Especially now, reporters need to listen
By MIKE WATERS / Syracuse Post-Standard
This is a story about taking a knee; about taking a stand or taking a seat.
It's a story that Marty Glickman, the famed radio voice of the New York Giants and New York Knicks, told many times in the years before his death in 2001.
See, before he embarked an his illustrious broadcasting career, Glickman enjoyed an incredible athletic career as a running back at Syracuse and member of the 1936 U.S. Olympic team as a sprinter.
As Glickman recounted, the Syracuse football team went to play a game against Maryland in College Park, Md., in the fall of 1937.
Syracuse's star quarterback was a man named Wilmeth Sidat-Singh. In a time of racial segregation, Sidat-Singh was often passed off with a wink and nod as a Hindu rather than African-American. But Sidat-Singh was the name of his stepfather. Sidat-Singh, who grew in New York City and attended DeWitt Clinton High School, was born in Washington, D.C.
In the days leading up to Syracuse's game against Maryland, Sam Lacy, the great black journalist, broke a story that told the truth of Sidat-Singh's race.
Maryland administrators, who were willing to buy into the myth that Sidat-Singh was Hindu, refused to play the game if Sidat-Singh took the field.
Glickman was sitting right next to Sidat-Singh when Syracuse's athletic director, along with head coach Ossie Solem, walked into the locker room and broke the news to the team. Maryland would not play against a black man.
Sidat-Singh was going to have to remain on the bench.
Glickman thought of saying something, defending his teammate, standing up for a cause. But he didn't. In his words, he stared at the floor and told himself that he would be labeled a troublemaker.
"A trouble-making Jew-boy."
And the worst part was Glickman was in Sidat- Singh's shoes just one year earlier.
In 1936, Glickman, then just 18 years old, had qualified as a sprinter for the United States' 4x400 relay team. He went to the Olympics. The Berlin Olympics. Hitler's Olympics. On the morning of the 400-meter relays, the U.S. coaches had informed Glickman and another Jewish member of the team, Sam Stoller, that they were being replaced. The decision was seen as an obvious move to avoid further embarrassing Hitler.
No one stood up for Glickman in Berlin and, to his everlasting regret, Glickman did not stand up for Sidat- Singh in College Park.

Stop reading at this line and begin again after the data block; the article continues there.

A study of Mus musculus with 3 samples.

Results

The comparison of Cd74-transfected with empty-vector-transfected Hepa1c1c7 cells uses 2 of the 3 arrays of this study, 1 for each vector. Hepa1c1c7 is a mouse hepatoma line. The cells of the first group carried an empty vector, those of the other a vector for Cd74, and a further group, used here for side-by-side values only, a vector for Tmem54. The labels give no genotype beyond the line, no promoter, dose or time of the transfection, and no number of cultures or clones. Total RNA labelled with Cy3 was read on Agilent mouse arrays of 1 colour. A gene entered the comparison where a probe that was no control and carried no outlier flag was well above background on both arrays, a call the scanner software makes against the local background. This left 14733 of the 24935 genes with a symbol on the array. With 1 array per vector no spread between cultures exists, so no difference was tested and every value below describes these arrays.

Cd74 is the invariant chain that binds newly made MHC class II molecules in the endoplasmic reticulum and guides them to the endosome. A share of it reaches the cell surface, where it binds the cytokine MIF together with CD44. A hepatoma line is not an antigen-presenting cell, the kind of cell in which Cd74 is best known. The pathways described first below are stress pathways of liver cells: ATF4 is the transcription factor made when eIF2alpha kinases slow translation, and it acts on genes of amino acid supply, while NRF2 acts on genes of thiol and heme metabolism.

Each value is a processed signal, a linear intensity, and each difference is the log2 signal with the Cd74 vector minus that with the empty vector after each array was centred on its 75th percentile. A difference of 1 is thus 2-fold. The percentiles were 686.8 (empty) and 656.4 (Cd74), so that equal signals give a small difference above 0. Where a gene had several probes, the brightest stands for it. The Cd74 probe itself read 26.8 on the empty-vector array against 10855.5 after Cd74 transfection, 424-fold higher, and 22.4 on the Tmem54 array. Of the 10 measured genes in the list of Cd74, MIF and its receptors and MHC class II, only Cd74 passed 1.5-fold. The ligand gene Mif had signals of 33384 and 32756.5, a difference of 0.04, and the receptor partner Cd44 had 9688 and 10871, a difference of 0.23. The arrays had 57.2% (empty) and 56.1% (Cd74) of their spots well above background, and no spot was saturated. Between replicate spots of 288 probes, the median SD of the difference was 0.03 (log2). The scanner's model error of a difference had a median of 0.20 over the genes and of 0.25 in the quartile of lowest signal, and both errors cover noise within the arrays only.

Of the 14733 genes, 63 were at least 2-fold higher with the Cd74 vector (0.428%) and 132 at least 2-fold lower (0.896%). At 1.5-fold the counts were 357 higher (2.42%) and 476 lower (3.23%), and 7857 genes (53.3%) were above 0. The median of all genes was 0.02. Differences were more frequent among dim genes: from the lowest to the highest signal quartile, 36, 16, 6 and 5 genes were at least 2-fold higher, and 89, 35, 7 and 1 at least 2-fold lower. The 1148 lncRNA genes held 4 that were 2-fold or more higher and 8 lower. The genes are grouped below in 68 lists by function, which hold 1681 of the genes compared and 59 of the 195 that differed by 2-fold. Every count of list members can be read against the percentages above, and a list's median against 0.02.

Syracuse lost 13-0. One season later, Maryland traveled to Syracuse. This time, Sidat-Singh played and Syracuse won, 53-17.
The story remains relevant today.
All across the nation, people are standing up against police brutality and racial inequality.
In the wake of George Floyd's death while in the custody of Minneapolis police officers, there have been protests, demonstrations and rallies in major cities and small towns.
Many of these events have included the voices of young athletes. Even more athletes have found their voices through social media, reaching out to hundreds and thousands of followers.
These young men are the Marty Glickmans and Wilmeth Sidat-Singhs of their time. They have finally discovered their power.
They are speaking up despite the fact that Glickman's fears of being labeled a troublemaker still ring true. Glickman's fears in 1937 played out as recently as four years ago when the NFL blackballed Colin Kaepernick right out of the league after he took a knee during the national anthem to protest police brutality toward blacks.
As for those of us in the media? I was recently a guest on a former Syracuse center Etan Thomas' Twitch show "Center of Attention." Thomas is a well-known author and social activist.
Thomas asked me about my role as a sports journalist in covering the stories of racial inequality. Now, I'm not a columnist. During my J-school years, it was ingrained in me to be objective. The old "No cheering in the press box'" philosophy.
However, these times are different for many of us. How do we not stand up for racial equality? How do we fail to recognize the mistreatment of blacks by law enforcement?
This is what I told Thomas:
"As a reporter, your job is to listen. On a college basketball beat, I listen to players and coaches, whether it's a matter of race or a matter of basketball. As a white guy in his 50s, I don't know what's like to be a black man of any age, but I know how to listen.
"Then, I can amplify their voices. I can give them a way to express themselves. They have to trust me with that. I appreciate their experiences and I want to hear them. That's my job as a beat writer. I'm not a 'stick to sports' or a 'shut up and dribble' guy. Sports and society overlap all the time and they have for decades."
None of us have covered a game in well over three months now, but many of us have written some of the most important stories in our careers.
As athletes stand up, let's make sure we listen.